DUBBO City councillor Bill Kelly wants local stock agents to "chip in" towards the proposed $6.58 million Dubbo saleyard redevelopment, arguing they're not pulling their weight.
However, Dubbo Stock and Station Agents Association president David Armitage said Mr Kelly had grasped the wrong end of the stick.
"Our agents have a charge levied on them for the licence fee to sell through the yards by Dubbo City Council," Mr Armitage said.
"At the moment it is 0.95 cents per head for cattle and I believe 0.30 cents per head for sheep.
"We yard in excess of 220,000 cattle and approximately 1.2 million sheep and lambs per year which equates to a little over $600,000 contributed by this association's individual agents to the running of the saleyards."
Mr Armitage said the fee was set by council and was paid by agents.
"The statement that costs to agents are passed on to producers is wrong.
"The agent licence fee for use of the saleyard facilities is paid by agents themselves.
"Agents charge the producer/vendor a commission and don't charge a set of fees that they add on to the vendor."
An agent's commission is set for that agent's service which includes the on-farm, off-farm, auctioneering skills, and drafting skills of the agent.
"The producer/vendor also pays an individual fee to Dubbo City Council for yard dues," Mr Armitage said.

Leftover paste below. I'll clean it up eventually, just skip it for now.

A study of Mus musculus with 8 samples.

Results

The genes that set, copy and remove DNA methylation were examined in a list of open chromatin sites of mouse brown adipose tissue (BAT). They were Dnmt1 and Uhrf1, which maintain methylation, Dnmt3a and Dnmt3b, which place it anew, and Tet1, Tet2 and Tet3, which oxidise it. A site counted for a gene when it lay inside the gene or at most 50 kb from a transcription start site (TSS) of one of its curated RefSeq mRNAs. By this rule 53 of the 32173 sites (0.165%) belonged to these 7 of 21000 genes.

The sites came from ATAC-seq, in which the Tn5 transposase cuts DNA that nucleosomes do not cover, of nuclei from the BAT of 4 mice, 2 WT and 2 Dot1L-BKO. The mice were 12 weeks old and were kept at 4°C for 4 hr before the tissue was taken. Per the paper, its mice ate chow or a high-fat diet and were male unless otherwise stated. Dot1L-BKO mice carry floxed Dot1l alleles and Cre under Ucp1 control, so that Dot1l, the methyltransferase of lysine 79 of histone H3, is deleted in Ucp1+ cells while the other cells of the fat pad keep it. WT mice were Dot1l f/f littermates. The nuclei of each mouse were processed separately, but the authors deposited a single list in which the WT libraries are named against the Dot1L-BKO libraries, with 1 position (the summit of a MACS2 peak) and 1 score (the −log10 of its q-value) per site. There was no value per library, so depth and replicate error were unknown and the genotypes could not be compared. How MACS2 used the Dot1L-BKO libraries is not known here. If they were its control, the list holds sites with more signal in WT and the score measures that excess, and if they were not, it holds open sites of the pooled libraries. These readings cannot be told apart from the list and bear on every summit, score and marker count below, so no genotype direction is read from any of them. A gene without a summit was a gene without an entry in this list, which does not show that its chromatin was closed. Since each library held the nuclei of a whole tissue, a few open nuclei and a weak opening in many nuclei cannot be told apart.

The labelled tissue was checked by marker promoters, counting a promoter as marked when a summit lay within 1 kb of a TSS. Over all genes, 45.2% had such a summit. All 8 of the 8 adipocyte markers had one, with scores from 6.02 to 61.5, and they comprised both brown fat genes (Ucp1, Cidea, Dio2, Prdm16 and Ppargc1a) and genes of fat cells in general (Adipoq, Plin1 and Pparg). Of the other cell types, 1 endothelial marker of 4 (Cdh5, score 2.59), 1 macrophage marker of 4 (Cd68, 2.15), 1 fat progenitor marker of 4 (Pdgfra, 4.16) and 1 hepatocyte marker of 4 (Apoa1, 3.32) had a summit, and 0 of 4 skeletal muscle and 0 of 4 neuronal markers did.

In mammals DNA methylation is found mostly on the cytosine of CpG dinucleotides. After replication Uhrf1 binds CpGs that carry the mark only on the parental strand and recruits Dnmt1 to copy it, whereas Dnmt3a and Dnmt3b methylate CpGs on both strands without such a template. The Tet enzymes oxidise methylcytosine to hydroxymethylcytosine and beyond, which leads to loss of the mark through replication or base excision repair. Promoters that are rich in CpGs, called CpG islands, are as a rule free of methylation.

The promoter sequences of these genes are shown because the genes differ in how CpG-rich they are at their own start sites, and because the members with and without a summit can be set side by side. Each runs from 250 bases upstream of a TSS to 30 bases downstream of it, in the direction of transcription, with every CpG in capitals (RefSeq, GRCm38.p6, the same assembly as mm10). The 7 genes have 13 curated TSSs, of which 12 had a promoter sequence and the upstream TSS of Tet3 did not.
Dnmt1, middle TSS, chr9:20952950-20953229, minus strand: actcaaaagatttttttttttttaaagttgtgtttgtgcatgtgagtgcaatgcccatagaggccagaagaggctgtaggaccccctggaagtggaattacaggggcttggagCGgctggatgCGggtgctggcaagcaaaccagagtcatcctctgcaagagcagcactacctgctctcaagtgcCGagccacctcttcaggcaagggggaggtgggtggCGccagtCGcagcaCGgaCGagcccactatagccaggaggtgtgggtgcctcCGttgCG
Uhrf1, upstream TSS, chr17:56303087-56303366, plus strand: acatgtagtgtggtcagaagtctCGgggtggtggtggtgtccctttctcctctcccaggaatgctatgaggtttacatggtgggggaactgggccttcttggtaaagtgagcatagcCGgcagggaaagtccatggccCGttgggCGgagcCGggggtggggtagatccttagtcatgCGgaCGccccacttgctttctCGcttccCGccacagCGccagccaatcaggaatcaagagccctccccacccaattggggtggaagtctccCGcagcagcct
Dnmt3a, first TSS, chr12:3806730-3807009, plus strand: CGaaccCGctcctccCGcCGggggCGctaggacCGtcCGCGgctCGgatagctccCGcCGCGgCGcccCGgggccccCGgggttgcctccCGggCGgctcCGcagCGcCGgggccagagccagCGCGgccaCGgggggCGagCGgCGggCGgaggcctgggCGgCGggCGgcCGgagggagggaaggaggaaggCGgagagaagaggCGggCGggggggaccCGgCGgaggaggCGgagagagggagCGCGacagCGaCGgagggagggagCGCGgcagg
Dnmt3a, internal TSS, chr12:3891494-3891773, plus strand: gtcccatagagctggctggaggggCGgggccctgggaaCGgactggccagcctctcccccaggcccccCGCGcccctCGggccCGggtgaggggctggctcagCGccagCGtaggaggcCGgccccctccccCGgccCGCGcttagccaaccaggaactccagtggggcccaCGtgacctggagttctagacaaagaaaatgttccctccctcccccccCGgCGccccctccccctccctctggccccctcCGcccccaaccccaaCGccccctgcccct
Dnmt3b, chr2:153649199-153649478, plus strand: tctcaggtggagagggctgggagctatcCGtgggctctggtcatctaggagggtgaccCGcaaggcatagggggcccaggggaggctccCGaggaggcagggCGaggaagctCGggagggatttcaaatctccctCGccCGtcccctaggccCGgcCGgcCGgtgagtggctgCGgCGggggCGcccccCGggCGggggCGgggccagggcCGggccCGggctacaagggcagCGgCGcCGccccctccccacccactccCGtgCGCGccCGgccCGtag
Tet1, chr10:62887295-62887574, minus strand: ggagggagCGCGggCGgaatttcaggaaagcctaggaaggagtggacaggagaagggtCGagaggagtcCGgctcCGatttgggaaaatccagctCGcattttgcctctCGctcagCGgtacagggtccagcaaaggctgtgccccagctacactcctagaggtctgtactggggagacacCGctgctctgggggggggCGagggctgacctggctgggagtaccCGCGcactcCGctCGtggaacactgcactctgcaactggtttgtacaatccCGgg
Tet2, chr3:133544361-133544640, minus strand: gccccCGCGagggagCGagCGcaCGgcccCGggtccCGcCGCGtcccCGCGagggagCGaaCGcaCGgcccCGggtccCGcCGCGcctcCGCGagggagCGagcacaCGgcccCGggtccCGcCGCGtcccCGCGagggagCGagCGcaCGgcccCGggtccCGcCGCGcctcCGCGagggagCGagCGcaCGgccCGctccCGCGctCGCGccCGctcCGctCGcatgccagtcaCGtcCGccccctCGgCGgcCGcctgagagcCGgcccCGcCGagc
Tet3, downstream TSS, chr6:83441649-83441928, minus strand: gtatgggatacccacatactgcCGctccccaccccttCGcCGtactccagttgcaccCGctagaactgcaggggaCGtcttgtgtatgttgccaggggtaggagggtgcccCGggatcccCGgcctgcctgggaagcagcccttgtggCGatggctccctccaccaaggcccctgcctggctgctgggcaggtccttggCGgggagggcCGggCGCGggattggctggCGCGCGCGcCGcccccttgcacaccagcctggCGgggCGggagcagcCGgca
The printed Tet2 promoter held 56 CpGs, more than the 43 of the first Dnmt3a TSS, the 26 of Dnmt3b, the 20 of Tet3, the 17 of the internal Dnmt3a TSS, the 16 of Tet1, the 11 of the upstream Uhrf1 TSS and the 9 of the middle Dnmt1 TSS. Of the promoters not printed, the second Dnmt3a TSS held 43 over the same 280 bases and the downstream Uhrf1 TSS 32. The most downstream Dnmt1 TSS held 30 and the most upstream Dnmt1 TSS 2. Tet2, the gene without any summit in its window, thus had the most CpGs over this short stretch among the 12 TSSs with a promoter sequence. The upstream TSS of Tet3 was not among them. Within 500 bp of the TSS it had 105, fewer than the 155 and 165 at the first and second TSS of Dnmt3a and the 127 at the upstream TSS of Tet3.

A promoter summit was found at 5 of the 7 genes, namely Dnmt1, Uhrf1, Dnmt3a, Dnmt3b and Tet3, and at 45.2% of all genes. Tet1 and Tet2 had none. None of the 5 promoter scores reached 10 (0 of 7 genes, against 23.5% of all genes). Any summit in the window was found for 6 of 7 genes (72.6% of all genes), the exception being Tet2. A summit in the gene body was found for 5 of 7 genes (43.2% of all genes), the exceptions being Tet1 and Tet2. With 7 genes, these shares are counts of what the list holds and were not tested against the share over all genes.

"Agents do not pass on fees and charges, but charge a set commission for their sale service to producers and vendors."
At council's finance and policy committee meeting last week councillor Kelly said the agents were not pulling their weight and should be paying higher charges.
"They're very happy to see more money spent out there on the facilities that's going to generate more activity and more commission for them," he said.
"I'd like to see them chip in."
Council has recently received news from the federal government of providing a dollar-for-dollar grant of $3.39 million for the upgrade of the Dubbo Regional Livestock Markets project.
Mr Kelly said due to increasing livestock prices, agents' commission was more significant than it was two or three years ago.
"Agents might have been making $20 a head commission a couple of years ago.
"On those prices, the same beast today would make $33.
"But the agents are still paying 95 cents."
Mr Kelly said in his view the agents were not "pulling their weight" in terms of charges.
Mr Armitage said he remembers the long droughts and also when sheep were worth next to nothing.
"It was cheaper to send them direct to the abattoir than through saleyards because our licence fee was too high," he said.
There are 14 licensed agents who operate at the saleyards.
Councillor Greg Matthews said he had seen costs going back onto the producer.
"It has been my experience that agents pay for nothing; they just pass it on to whoever they can, a bit like real estate agents."
The committee resolved for council's director of corporate development Ken Rogers to review the charges of those who operate at the saleyards.